I remember being in Israel the last time rockets were being fired from Gaza. It was January 2009 and I wasn't a journalist or a tourist. I was a recent Iraq war veteran trying to figure out how I felt about the Middle East. In the weeks leading up to the trip I had repeated nightmares about my tour bus being blown up by an IED. In spite of the bad dreams, I went anyway.
I had been home from Iraq for about two years when I got on the plane to go to Israel. I came back from Iraq to a wife who was cheating on me with my neighbor, an Army Major and married father of four. The Christmas before my trip to Israel was my first Christmas as a divorced father of two boys.
My father invited me to visit him in Israel. He is a Christian pastor and was travelling to Israel and Egypt with a group of his parishioners. I told him I would meet him there and hang out in Jerusalem after his tour group got on the bus for Egypt. My father loves Israel and has been hosting church tour groups since the 80s.
The first thing I noticed in Tel Aviv was that all the bars had their front windows completely covered in black paper and paint. This was so the suicide bombers wouldn't know if they were crowded. I spoke with a bartender at one of the blacked out bars. Like me, he had just finished his service as a commissioned officer in the Israeli Defense Force (IDF). His deployment took him a few miles down the road to Gaza. My deployment took me to Iraq, on the other side of the world. Both of us didn't talk about anything specific. We couldn't. I think we were both trying to get on with our lives. I don't know if we were succeeding.
I stayed in a youth hostel in Tel Aviv and most of my bunkmates were American students from Christian colleges in America. They were part of an outreach organization that babysat the children of Israeli settlers near Gaza. They watched the children in the bomb shelters while their parents worked above ground.
In Jerusalem I noticed the J-Lens. The J-Lens is a small, white blimp that flies over Jerusalem. On the bottom of the balloon is a powerful camera that watches the Old City of Jerusalem day and night. I knew what it was because one of these flew over the city of Baghdad while I was there. I will let the reader draw the obvious parallels.
Since there was an uprising in Gaza and the rockets were whizzing into Israeli territory, the military and police were out in force. There were large groups of young men and women in green and guns everywhere. Again, I felt like I was home. That is, at home in Iraq. I liked being around the young people with the guns. I missed being with my soldiers in Iraq. For the first time since I had been home from Iraq, I felt safe.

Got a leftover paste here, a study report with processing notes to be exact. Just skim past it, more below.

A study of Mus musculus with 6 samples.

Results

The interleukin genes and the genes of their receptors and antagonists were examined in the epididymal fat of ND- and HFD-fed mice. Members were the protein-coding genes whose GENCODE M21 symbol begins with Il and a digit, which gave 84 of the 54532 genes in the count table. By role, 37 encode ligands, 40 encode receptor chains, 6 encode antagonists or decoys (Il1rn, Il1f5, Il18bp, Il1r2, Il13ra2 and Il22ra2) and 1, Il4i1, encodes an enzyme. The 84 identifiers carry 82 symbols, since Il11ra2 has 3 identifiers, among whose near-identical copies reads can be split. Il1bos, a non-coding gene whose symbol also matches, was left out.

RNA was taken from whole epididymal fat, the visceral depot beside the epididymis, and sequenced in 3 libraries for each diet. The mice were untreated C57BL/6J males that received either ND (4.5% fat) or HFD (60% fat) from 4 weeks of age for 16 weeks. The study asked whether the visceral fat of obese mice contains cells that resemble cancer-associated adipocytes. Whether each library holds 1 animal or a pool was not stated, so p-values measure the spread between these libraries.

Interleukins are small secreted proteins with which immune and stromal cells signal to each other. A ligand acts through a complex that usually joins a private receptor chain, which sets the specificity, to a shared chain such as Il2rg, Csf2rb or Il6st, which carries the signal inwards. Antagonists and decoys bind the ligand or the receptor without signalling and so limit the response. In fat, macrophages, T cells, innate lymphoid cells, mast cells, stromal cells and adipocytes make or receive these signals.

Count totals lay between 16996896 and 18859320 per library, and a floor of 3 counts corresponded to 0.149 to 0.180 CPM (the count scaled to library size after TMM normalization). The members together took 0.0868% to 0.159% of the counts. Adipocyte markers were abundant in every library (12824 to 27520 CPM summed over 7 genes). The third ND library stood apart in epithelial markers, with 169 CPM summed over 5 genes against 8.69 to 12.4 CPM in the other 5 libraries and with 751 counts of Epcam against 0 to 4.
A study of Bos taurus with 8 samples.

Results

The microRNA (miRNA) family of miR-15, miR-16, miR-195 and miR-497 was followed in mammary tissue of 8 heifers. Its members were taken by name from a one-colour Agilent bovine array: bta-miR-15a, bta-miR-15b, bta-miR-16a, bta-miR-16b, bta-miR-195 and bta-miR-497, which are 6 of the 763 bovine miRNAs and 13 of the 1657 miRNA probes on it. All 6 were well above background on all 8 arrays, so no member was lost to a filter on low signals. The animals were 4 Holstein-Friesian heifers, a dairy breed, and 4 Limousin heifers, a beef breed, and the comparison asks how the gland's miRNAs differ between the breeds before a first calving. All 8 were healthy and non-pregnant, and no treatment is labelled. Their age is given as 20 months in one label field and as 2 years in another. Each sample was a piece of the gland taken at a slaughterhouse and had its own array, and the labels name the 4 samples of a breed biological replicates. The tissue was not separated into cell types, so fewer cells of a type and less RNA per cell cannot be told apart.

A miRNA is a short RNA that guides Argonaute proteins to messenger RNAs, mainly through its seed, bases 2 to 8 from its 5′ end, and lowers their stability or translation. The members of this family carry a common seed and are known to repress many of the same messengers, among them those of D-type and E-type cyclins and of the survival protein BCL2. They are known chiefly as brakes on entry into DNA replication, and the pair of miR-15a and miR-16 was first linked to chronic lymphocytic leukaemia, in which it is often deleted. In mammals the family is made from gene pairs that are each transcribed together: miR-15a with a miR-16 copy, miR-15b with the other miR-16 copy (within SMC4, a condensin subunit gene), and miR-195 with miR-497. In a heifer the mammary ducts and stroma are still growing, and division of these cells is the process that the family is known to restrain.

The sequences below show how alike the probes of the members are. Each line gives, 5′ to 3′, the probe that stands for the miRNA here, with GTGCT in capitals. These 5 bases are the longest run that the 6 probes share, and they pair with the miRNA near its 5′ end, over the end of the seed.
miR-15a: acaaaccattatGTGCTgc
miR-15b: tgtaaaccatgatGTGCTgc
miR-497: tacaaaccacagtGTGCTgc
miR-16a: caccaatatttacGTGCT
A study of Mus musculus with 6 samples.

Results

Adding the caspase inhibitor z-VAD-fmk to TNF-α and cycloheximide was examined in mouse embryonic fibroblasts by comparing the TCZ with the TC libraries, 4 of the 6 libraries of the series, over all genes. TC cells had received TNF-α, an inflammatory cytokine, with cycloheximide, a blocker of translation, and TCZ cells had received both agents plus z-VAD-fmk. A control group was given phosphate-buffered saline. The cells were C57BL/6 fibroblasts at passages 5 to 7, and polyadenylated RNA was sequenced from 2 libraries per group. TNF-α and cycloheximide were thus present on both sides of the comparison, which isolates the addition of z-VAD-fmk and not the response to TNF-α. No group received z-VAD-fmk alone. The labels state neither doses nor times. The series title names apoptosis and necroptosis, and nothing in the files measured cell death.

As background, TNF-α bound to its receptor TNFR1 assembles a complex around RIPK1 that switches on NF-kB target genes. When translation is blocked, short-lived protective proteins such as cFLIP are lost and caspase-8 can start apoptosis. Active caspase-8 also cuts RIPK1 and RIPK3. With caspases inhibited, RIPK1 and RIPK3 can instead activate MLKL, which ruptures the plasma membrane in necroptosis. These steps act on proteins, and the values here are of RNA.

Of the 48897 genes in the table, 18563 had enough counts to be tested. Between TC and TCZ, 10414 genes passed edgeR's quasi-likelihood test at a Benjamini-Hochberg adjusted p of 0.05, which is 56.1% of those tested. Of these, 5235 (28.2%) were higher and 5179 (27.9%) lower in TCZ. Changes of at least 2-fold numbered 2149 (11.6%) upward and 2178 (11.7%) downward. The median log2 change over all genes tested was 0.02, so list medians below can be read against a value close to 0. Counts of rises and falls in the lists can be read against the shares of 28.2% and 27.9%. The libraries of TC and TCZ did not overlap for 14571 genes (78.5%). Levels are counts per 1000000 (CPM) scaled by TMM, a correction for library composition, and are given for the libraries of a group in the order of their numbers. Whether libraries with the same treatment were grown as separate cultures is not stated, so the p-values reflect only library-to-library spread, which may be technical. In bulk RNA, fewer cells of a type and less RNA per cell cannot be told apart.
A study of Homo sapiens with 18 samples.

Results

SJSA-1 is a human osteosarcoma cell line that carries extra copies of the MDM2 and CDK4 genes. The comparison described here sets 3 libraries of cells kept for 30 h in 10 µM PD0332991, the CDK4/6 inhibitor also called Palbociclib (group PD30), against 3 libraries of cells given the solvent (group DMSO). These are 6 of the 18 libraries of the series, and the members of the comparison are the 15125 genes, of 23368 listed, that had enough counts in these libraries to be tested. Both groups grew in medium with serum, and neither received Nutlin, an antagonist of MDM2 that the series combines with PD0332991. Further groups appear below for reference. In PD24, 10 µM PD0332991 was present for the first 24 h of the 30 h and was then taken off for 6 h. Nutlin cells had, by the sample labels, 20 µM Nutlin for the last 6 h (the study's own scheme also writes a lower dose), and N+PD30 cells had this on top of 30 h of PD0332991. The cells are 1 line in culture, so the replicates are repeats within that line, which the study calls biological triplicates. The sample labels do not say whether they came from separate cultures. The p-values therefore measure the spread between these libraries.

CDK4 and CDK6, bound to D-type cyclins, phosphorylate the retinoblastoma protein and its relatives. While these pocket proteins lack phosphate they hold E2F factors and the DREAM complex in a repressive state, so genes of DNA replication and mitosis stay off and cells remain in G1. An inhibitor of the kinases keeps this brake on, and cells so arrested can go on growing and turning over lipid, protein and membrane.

Whatever U.S. veterans feel after they come home from Iraq or Afghanistan, you can be sure that Israeli soldiers feel it even more intensely. We get to leave the problems of Iraq on the other side of the world. They don't. I can't even imagine how the veterans on the other side, the side that lives in Gaza or Baghdad feel. Its 2012, but I don't think I'm ready to learn about them yet.
I remember what the Katyusha rockets sounded like in Iraq. I remember lying flat on the floor, waiting for the attack to stop. I remember hearing my loud breathing and making all sorts of complicated calculations in my head, in an attempt to believe that if one hit near me, the shrapnel would be absorbed by the concrete barrier outside my door. I still avoid fireworks shows, even on the 4th of July.
I imagine that they sound a lot like the Qassam rockets that are being fired from Gaza this week. Katyusha rockets originated in Russia and are named after a song that was popular in WWII. The song was about "Katy" who misses her lover, a soldier who has gone off to war. Qassam rockets are named after a Syrian preacher who died in an attack against the British in 1935. His death was a catalyst for the 1936 Arab Revolt. Indeed, as Chris Hedges rightly pointed out, "War is a force that gives us meaning." We are the lover, we are the girl on the home-front, or we are the martyr. We are never ourselves.
War is fought on a mythic level and those who participate in combat, become heroes, even gods, but only for a moment. After war, we sometimes feel like we are less than human.
I remember staying at a Kibbutz on the Sea of Galilee. One morning, while it was still dark, I went for a run. Running had become for me my primary form of therapy and I ran every day. I ran so much that I qualified for the Boston Marathon that year. On my run that morning, I came upon the place where Jesus was baptized by John the Baptist, 2,000 years ago. Jesus' baptism marked the beginning of his healing ministry. It was a moment when he heard a voice from heaven, "This is my beloved son, in whom I am well pleased." (Matthew 3:17) It was a moment when he realized who he was, he realized his identity.
I stopped and stared at the dark water. I plunged my head into the water and knelt on the bank. It was a cold morning and the icy water ran down the back of my shirt. I didn't flinch. I knew then that I wanted to start over. I wanted to be different. I wanted to leave the war and the anger at my ex-wife behind. I wanted to move on with my life. I wanted a new identity.
I didn't hear a voice from heaven, but I heard a voice in my heart. It was then I realized that I had come to the Holy Land only to find out that there isn't any holy land. The Holy Land, Israel, is a place of constant war and those of us who want to live in peace must find it for ourselves.